Nov 26, 2019
by Christopher Kerosky, Kerosky, Purves & Bogue, LLP, Sonoma County Human Rights Commissioner
One does not need to be an immigrant to enjoy the world’s holiday traditions this time of year in Sonoma County. Here’s a sampler:
Throughout the North Bay, Christmas is honored by families in the rich tradition of their native Mexico. One distinctive feature of Mexican Christmas is Las Posadas, a series of processions and parties lasting from December 16th to 24th. Children lead the procession carrying candles and paper lanterns.
Christmas Eve revolves around a large family dinner, often held after a late night Catholic mass. On this night, Mexicans traditionally serve bacalao, a dried cod dish cooked with onions and tomato sauce, or a stew-like dish called revoltijo de romerita with potatoes. For dessert, bunuelos, a fried pastry topped with sugar or syrup. Gifts are opened at midnight.
One can enjoy a bit of Mexican Christmas this season on December 13th at 7 pm at the Posada Navideña Dance performance at the Luther Burbank Center. Posada Navideña showcases the beautiful holiday folk culture of Mexico through dance, music, and song. For more information, go to lutherburbankcenter.org
Italian-Americans often celebrate Christmas Eve with a collection of seafood dishes known as the Festa dei Setti Pesci or Feast of the Seven Fishes. The tradition was brought over with immigrants from Southern Italy in the 19th century. Then on Christmas Day, there is another huge meal including salumi, ravioli and, for dessert, a fruit-cake known as panettone.
In Sonoma County, there is an annual Italian Christmas Festival sponsored by the North Bay Italian Cultural Foundation. This year, it’s on December 7th 10 am – 3 pm. It features a Christmas market like those common in Italy, with artisan vendors, Italian cafe, wine and beer bar and live Italian music. There will even be an exhibit of the history of Italian immigrants in Sonoma County For more info, www.nbicf.org.
This time of year, Jews celebrate Hanukah, the eight-day Jewish festival of lights that commemorates the 2d century B.C. Jewish uprising against the Maccabees. Hanukah begins this year on the evening of December 22nd.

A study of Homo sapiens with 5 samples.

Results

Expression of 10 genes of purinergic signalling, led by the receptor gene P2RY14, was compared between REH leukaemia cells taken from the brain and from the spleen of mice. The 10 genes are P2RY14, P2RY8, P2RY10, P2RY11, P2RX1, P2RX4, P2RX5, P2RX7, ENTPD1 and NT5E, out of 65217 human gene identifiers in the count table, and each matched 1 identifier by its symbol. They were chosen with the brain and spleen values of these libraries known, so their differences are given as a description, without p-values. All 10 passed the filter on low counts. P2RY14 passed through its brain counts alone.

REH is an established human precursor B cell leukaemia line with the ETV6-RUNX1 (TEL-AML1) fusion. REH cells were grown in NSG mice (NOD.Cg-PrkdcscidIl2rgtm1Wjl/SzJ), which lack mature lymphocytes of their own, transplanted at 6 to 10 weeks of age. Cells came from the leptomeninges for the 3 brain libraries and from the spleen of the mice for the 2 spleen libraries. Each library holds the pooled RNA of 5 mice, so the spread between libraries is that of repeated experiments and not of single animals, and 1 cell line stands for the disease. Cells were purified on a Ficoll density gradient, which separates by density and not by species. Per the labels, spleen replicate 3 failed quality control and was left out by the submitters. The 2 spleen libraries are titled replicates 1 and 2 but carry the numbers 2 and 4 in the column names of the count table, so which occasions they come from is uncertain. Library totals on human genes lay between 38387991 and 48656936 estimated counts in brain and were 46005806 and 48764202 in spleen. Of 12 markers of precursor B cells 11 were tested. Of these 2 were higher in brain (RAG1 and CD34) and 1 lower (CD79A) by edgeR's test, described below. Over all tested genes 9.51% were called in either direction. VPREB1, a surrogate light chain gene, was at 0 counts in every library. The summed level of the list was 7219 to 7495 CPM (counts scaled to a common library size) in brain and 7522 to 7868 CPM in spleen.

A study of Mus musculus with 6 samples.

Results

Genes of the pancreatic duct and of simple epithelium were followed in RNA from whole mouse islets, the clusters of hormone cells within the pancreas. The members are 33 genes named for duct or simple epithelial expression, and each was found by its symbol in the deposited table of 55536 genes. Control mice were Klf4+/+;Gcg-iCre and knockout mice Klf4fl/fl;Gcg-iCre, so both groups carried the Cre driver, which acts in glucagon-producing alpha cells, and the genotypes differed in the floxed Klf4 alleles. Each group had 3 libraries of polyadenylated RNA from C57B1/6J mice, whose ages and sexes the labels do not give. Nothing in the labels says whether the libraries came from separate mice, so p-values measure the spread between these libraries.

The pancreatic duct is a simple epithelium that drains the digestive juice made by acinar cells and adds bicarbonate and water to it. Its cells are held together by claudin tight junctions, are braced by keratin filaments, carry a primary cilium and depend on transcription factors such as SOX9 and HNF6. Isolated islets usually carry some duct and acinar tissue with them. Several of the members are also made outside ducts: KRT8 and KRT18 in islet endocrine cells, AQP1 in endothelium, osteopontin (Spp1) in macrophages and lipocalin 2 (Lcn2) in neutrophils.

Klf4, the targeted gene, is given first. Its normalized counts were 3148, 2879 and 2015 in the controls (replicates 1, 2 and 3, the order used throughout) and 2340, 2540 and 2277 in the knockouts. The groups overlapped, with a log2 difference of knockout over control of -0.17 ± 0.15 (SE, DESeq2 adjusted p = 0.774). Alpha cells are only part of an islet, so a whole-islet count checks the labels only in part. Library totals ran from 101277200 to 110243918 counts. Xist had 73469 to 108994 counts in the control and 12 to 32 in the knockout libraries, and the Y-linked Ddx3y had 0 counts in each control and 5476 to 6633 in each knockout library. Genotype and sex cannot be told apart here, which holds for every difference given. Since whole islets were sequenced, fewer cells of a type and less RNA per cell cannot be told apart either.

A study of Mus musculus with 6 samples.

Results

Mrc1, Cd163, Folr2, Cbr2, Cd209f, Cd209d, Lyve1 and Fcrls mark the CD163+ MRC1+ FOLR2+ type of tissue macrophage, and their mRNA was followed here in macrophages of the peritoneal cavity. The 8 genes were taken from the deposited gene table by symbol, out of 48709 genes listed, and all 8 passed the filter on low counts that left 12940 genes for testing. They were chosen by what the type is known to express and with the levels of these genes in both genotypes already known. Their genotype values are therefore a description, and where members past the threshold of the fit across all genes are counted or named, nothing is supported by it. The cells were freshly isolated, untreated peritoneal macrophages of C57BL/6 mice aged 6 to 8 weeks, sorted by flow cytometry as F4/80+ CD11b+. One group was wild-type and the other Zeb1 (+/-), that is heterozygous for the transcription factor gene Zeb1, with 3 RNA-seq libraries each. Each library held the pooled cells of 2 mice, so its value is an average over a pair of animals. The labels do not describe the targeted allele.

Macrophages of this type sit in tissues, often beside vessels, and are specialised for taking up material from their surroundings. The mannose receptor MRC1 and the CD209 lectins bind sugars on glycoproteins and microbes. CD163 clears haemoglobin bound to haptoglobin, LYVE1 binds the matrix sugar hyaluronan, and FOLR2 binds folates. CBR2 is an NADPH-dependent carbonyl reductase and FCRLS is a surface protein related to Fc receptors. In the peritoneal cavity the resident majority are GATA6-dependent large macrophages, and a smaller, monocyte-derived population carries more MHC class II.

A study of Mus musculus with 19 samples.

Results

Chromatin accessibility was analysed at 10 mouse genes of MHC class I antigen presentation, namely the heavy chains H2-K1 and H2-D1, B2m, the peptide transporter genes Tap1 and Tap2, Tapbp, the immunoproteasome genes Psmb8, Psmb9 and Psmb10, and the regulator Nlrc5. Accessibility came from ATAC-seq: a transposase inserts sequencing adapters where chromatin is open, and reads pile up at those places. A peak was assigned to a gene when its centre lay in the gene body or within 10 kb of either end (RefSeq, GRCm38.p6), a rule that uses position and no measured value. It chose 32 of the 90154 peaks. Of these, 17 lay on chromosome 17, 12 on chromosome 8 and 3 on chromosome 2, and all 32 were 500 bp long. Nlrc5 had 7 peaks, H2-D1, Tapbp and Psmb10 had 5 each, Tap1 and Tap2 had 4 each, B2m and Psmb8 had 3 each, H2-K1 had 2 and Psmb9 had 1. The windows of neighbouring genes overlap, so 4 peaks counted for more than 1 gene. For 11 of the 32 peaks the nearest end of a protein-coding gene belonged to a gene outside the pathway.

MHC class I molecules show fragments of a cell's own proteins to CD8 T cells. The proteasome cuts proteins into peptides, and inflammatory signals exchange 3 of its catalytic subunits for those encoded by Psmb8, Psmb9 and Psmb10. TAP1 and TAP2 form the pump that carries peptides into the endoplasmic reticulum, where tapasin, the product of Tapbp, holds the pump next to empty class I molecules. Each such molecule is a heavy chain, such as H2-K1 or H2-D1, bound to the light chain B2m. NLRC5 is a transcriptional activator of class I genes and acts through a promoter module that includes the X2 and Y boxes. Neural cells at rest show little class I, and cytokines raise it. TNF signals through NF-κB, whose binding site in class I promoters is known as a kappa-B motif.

Jewish families honor the holiday with lighting the menorah and reciting prayers. Children often play the dreidel, a spinning top game. Latkes, a fried potato pancake is probably the best-known Hanukkah food. The dish originates in Eastern Europe and was transported to America by waves of Jewish immigrants last century. Blintzes are often served for dessert.
The Charles Schulz Museum hosts a free Chanukah celebration on December 8th called Hands On Chanukah Family Celebration. There will be many activities for kids including candle-making, dreidel games and a live interactive performance with the Octopretzel Children’s Musical Troupe. More info at jewishfed.org
In Ireland, Christmas Eve and Christmas Day are celebrated with big meals, gift giving and for the religious, Catholic mass. But the Irish also celebrate the day after Christmas – St. Steven’s Day or known secularly as “Boxing Day”-- traditionally a day for football matches and horse racing. Then on January 6th, there is the Epiphany, and yet more holiday parties on what some Irish call “the Second Christmas”.
The traditional Irish-American Christmas meal is not too different from the common American holiday fare: roast turkey and stuffing, baked ham, potatoes, carrots, Brussels sprouts, cranberry sauce. Dessert is often Christmas pudding.
Music is such a large part of Irish life and equally at Christmas. The Green Center is hosting a celebration of Irish Christmas this year: Danú, An Emerald Isle Christmas. It features the Irish musical ensemble, Danú, vocals by Nell Ní Chróinín and Irish step-dancers. It takes place on December 13th at 7:30p at Weill Hall on the Sonoma State campus. Don’t miss it.
Christmas in Russia is traditionally celebrated on January 7th rather than December 25th because the Russian Orthodox Church uses the Julian calendar, rather than the Roman one as we do. Often Russian-Americans enjoy a long holiday season running from Christmas eve to January 10th.
Russians will often fast on Christmas eve, until the first star has appeared in the sky. Then there is a feast to break the fast, often consisting of 12 dishes, one for each disciple of Christ. These include borsch (beetroot soup), sauerkraut, fried mushrooms and salad. Then there is a midnight service at the Russian Orthodox Church, followed by another large meal on Christmas Day.
Nothing symbolizes Russian Christmas more than the Nutcracker ballet. This year you can enjoy a performance of the Moscow Ballet’s Great Russian Nutcracker right here in Sonoma County. It takes place at 3 pm on December 23rd. The Moscow Ballet performance includes world-class artists, over 200 costumes, impressive sets, and of course Tchaikovsky’s famous score. Get tickets at lutherburbankcenter.org.
However you choose to celebrate the holidays, I hope that yours are joyous ones. ¡Feliz Navidad! Buon Natale! Happy Hanukah! Nollaig Shona! Счастливых праздников! Happy Holidays!